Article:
Robert Spencer By


He was born in 1928: before Sonny Rollins and Ornette Coleman (John Coltrane and Miles Davis were two). He joined Earle Spencer's Orchestra in 1947, and Hamp's in 1951. He led his own group. He went to Europe. He gigged in New York with some of the biggest names in the business. Recognition came to them, but not to him. Only they—Dizzy, Hamp, Maynard—knew he was in their league.

He kept working, along with his wife Mona Ørbeck Ortega: composing and interpreting standards as only he can: approaching them lovingly and caressing them with care, and occasionally adding the hotfoot to the mix that makes his playing so outstandingly original and unexpected. He has a beautiful tone that serves as the foundation for his outrageous versatility and ability to invest an improvisation with firepower far beyond the ordinary. He bridges the "avant-garde" and the "mainstream": he plays melodies, gorgeously, but he finds possibilities in them that lesser players overlook, or don't dare to explore.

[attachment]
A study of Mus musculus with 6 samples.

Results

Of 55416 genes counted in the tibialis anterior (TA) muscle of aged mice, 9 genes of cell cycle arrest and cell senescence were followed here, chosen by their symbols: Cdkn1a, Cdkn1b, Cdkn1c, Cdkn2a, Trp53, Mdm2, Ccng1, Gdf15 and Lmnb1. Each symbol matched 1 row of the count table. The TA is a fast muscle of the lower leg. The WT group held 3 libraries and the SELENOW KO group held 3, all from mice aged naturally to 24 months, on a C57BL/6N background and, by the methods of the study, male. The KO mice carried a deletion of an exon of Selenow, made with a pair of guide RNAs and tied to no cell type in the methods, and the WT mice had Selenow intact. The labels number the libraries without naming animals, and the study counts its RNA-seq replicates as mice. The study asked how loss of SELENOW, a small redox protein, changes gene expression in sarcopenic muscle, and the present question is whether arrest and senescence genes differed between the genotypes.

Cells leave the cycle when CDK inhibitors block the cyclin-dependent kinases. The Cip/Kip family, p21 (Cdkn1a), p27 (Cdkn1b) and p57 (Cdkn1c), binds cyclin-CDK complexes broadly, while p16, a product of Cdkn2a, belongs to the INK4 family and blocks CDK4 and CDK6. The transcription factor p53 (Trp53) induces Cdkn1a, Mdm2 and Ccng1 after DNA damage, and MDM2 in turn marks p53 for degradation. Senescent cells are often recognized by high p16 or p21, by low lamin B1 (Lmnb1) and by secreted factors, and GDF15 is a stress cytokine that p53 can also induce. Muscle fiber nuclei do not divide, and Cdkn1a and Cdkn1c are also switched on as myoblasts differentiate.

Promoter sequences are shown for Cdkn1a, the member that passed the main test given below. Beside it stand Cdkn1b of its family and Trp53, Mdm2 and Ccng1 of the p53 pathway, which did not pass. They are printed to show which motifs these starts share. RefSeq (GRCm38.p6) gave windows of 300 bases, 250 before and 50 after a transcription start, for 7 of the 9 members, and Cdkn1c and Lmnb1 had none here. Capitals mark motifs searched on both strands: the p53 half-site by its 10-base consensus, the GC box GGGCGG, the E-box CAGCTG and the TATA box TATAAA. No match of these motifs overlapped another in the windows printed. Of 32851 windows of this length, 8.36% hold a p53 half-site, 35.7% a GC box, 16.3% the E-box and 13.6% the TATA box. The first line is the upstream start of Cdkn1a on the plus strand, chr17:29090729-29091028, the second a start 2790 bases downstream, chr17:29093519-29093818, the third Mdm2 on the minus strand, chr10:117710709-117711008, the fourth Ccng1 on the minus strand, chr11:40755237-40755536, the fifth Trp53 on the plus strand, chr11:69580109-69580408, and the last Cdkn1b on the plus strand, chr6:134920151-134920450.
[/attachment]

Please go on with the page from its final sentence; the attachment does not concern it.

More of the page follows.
In the Fifties and Sixties he recorded as a leader: a string of legendary and elusive discs. Best known is New Dance! (1966), which was re-released on CD in the Nineties on hat ART and will soon appear again, to hosannas from those who have waited this long, on hatOLOGY. But it remains to be seen whether these ever reappear: modest masterpieces like Anthony Ortega (1954), Jazz for Young Moderns (1958), Man and His Horn (1961), Permutations (1966), and the later Rain Dance (1978). On the French Evidence label there are a couple of Nineties-vintage easier-to-track-down discs: On Evidence and Neuf (see the "Unsung Recordings").

Through it all, the recognition that should have been his eluded him. Was it just? Try this: get hold of an Ortega disc and play it right after a recent recording by any contemporary alto saxophonist you care to name. That's right: any one. See who comes out with more to say with his horn. (My money's on Anthony!)

Now there is Anthony's new Hat: Scattered Clouds. It's a welcome return to the scene for a man who has in fact never been away. It's not too late to make the acquaintance of this supreme altoman.